Wesley Stenzel’s review published on Letterboxd:
Zack Snyder’s preceding DCEU films offered a bleaker take on superheroes than we’re accustomed to in mainstream movies, framing iconic characters as lonely, reluctant gods recovering from trauma and torn between heroism and the temptations of civilian life. Their power is more of a curse than a dream, and even their best-intended day-saving has devastating consequences.
Snyder’s long-gestating, fully-realized version of Justice League is still bold, broad, and bleak, but provides its heroes — and its audience — with something that his other films pointedly withheld: a strong sense of hope. These moody, isolated deities find solace in one another when they finally unify, and it’s immensely satisfying to finally witness these previously-butchered characters treated with such care. Every member of the titular team experiences a genuinely thoughtful, emotional arc, as they each slowly embrace their roles as the world’s protectors — their collective cynicism and self-doubt fades as they accept their responsibility. It’s almost radically earnest. Unlike the theatrical cut, everyone has a purpose in the narrative, and some of their emotional transformations are genuinely moving: a tortured Cyborg reconciles with his distant father as he realizes his own self-worth, while the pessimistic, broken Batman of BvS blossoms into a selfless father-figure and a true believer in the goodness of humanity — the apostle Paul to Superman’s very-overt Christ.
Of course, the movie is still emphatically a dumb, exposition-heavy series of fetch-quests that eventually devolves into a fairly-generic smashy CGI battle. The dialogue is still as clunky as you’d expect (though much more earnest than previous Snyder projects), and the plot certainly doesn’t attempt to reinvent the super-team-up wheel. Even the heavy sequel-baiting nature of the genre persists, despite the extreme unlikelihood of Snyder returning to this universe. This is not some magical exception to the superhero rule that will convert comic book skeptics.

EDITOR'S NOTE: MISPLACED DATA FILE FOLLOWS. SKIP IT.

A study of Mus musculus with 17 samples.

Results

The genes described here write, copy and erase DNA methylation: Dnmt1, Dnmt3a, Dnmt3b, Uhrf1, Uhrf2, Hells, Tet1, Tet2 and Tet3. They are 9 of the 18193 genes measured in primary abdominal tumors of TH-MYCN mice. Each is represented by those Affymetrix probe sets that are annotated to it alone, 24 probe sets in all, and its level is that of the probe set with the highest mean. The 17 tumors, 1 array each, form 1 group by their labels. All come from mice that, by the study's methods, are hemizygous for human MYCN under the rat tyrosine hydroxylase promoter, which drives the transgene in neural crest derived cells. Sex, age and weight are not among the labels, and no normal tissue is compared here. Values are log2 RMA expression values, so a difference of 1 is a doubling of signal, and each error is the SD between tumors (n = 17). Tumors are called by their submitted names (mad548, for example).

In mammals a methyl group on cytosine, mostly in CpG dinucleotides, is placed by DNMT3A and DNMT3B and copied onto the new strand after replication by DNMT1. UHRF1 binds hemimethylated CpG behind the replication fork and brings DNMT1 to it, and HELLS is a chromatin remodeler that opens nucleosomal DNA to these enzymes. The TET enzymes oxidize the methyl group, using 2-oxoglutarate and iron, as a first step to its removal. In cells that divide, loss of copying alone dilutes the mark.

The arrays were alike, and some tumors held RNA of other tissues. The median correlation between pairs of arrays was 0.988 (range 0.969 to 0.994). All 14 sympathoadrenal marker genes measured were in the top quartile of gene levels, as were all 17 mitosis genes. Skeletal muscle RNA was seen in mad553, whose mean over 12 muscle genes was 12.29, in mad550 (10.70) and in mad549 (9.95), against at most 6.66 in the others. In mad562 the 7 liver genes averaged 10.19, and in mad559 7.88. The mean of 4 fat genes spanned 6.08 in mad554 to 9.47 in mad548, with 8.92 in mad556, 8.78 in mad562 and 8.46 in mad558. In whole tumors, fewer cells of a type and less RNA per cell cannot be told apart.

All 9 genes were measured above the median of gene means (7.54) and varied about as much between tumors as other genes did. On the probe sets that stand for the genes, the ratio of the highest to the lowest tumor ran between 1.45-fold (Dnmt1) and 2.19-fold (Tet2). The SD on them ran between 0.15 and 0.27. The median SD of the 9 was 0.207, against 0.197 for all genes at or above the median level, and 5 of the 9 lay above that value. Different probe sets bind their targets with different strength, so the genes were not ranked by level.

It is, however, an absolutely magnificent spectacle, and a fascinating glimpse at what near-total creative control looks like on a broad blockbuster scale. Aside from pockets of somewhat-shoddy CGI, no expense is spared here, and no stone left unturned — the extensive runtime ensures that every moment, from indulgent action setpieces to quiet character sequences, has sufficient time to expand and breathe. Snyder’s visual splendor is as strong as ever, with exquisite compositions ripped straight from the pages of comic books. The sequences that play out with minimal dialogue are among the most dynamic in superhero filmmaking, which is why the first quarter is the film’s peak and the most-talkative third quarter is its weakest stretch. It’s the natural finale for Snyder’s vision of these characters — they’ve almost backwardly developed into genuine heroes — yet I’m sad to see him go. It’s a bloated, strangely-paced, exquisitely-composed, and totally worthwhile piece of superpowered melodrama.